Book Review by Fred G. Zaspel
It was about twenty-five years ago when I first read this book, and reading it again today I was struck once again with the quality of work Gaffin has given us. His grasp of redemptive-history, of course, is well known, and his exposition of the redemptive-historical significance of Pentecost makes this book a significant contribution to anyone’s study of the Holy Spirit and his gifts. I really don’t recall reading a book on this subject that I have found more satisfying.
Of foundational importance in this book is Gaffin’s unpacking of the once-for-all significance of Pentecost, in turn, christologically, pneumatologically, ecclesiologically, and then individually for each Christian. This exposition of Christ’s baptizing with the Spirit is solid and clear, and it immediately clears away much that is otherwise confusing to many about the work of the Spirit in Acts and in believers today.
In the next chapter Gaffin provides some structural observations about the Spirit’s gifts to the church that are again helpfully clear and that establish a necessary frame of reference for later discussion. Here he takes up such matters as the distinction between the gift and gifts of the Spirit, an assessment of the common but misleading charismatic - non-charismatic terminology, the Trinitarian character of the gifts, and the service/ministry orientation and purpose of the gifts, concluding with a very practically helpful and needed clarification of the question of identifying one’s own area of giftedness.
Next, his lengthiest chapter, Gaffin provides a biblical analysis of the gifts of prophecy and tongues. This of course steps into more controversial territory, but his treatment is careful and judicious, and it is firmly grounded exegetically. He rightly distinguishes between Old and New Testament “prophets” and identifies the gift of prophecy as revelatory, bringing “to the church the words of God in the primary and original sense.” Prophecy is not preaching. As he summarizes, “A basic difference between prophecy and preaching is that the prophet has no text. The prophet reveals the Word of God, the preacher expounds that Word.” He then understands tongues as a subset of prophecy in which the Spirit does not utilize the speaker’s existing language capacities. His treatment of 1 Corinthians 14:14 here is careful, impressive, and convincing.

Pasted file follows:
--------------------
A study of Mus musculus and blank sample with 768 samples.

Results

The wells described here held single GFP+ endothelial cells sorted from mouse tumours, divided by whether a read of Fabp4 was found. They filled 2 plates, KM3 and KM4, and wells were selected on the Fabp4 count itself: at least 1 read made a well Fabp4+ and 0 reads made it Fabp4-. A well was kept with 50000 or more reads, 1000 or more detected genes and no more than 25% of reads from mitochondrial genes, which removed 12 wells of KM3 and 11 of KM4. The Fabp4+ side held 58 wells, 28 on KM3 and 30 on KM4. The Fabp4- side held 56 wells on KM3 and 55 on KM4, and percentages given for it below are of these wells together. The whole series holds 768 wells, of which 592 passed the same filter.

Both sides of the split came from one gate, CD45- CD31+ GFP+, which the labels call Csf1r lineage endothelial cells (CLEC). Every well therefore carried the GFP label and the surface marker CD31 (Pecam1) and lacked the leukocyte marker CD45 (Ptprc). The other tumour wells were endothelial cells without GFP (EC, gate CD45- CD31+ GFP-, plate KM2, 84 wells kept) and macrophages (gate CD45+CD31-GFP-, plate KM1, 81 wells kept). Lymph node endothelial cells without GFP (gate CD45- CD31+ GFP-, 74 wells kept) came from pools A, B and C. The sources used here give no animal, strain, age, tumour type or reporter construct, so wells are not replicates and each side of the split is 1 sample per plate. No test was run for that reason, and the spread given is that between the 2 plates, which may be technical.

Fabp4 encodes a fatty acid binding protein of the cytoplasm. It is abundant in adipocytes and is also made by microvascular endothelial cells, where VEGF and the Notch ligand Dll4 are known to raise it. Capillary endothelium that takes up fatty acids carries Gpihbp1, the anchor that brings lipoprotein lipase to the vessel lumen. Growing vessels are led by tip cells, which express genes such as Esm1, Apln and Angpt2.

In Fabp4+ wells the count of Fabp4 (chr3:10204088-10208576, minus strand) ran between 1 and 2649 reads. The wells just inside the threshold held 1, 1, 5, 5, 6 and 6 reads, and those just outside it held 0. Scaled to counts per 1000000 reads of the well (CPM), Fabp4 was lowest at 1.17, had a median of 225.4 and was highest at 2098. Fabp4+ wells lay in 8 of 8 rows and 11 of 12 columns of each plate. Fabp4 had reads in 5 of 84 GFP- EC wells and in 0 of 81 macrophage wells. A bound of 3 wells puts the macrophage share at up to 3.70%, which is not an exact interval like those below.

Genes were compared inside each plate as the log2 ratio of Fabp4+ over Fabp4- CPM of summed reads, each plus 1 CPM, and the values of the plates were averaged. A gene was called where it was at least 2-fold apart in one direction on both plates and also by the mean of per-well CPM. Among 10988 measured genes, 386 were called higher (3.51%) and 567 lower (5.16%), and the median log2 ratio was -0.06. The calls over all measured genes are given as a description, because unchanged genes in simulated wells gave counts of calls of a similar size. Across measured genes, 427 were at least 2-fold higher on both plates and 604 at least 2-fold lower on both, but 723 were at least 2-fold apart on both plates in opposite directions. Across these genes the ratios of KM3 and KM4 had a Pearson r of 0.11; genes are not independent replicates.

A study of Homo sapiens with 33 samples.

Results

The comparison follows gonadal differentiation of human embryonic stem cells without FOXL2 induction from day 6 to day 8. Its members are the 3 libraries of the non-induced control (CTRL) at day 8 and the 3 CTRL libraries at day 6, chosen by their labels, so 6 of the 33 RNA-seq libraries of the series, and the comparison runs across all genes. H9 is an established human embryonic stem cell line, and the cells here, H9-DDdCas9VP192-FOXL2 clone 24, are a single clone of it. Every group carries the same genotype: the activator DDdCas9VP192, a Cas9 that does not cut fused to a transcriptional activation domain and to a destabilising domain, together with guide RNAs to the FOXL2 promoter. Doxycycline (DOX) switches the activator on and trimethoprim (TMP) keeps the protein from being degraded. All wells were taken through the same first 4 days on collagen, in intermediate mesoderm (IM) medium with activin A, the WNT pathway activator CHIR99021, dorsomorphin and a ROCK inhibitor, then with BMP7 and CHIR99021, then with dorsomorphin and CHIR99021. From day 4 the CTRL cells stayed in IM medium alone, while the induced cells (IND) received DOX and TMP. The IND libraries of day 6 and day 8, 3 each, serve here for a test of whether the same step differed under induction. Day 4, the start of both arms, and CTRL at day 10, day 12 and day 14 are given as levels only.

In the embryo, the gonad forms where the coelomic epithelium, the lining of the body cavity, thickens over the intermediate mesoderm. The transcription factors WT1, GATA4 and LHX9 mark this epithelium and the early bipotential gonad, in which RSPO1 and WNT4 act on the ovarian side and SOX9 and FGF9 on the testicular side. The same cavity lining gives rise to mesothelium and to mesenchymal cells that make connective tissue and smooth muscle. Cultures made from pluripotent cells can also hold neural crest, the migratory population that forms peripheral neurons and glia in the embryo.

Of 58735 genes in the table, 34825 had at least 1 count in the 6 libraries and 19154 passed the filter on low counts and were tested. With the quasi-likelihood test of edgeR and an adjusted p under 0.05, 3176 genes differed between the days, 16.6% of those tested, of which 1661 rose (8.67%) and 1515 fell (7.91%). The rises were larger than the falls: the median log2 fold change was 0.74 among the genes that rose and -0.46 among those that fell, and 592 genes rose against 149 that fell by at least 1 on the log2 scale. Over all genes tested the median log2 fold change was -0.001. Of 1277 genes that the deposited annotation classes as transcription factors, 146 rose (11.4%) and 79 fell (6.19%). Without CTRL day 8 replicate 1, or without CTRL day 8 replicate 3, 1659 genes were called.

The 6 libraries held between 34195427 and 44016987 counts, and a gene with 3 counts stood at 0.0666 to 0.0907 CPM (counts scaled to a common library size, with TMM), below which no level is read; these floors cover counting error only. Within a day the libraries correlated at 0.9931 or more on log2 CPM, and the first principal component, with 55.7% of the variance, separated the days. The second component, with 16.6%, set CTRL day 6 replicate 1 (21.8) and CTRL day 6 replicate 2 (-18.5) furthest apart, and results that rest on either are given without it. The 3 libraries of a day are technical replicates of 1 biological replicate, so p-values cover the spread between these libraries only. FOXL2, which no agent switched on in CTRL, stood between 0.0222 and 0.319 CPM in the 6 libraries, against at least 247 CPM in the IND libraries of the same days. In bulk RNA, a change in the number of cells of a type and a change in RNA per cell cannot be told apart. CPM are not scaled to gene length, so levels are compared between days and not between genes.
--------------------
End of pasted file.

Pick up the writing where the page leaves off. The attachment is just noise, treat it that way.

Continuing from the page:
Finally, Gaffin takes up the most popularly-pressing question of the cessation of certain gifts. Beginning with a demonstration of the temporary character of the apostolic gift he establishes that some gifts were, indeed, given only for the “foundational” period of the church. Again, his close eye to redemptive-historical theology serves him well here. His association, then, of the prophetic gifts with that apostolic-foundational period is compelling, and, I think, accurate.
Whether or not one agrees with Gaffin’s conclusions regarding cessationism this book would doubtless prove to be a helpful resource. His approach is carefully exegetical, and his treatment of the broader subject is a needed help. Certainly all sides will find it profitable reading and would find their own thinking sharpened by it. It deserves a new hearing. Very highly recommended.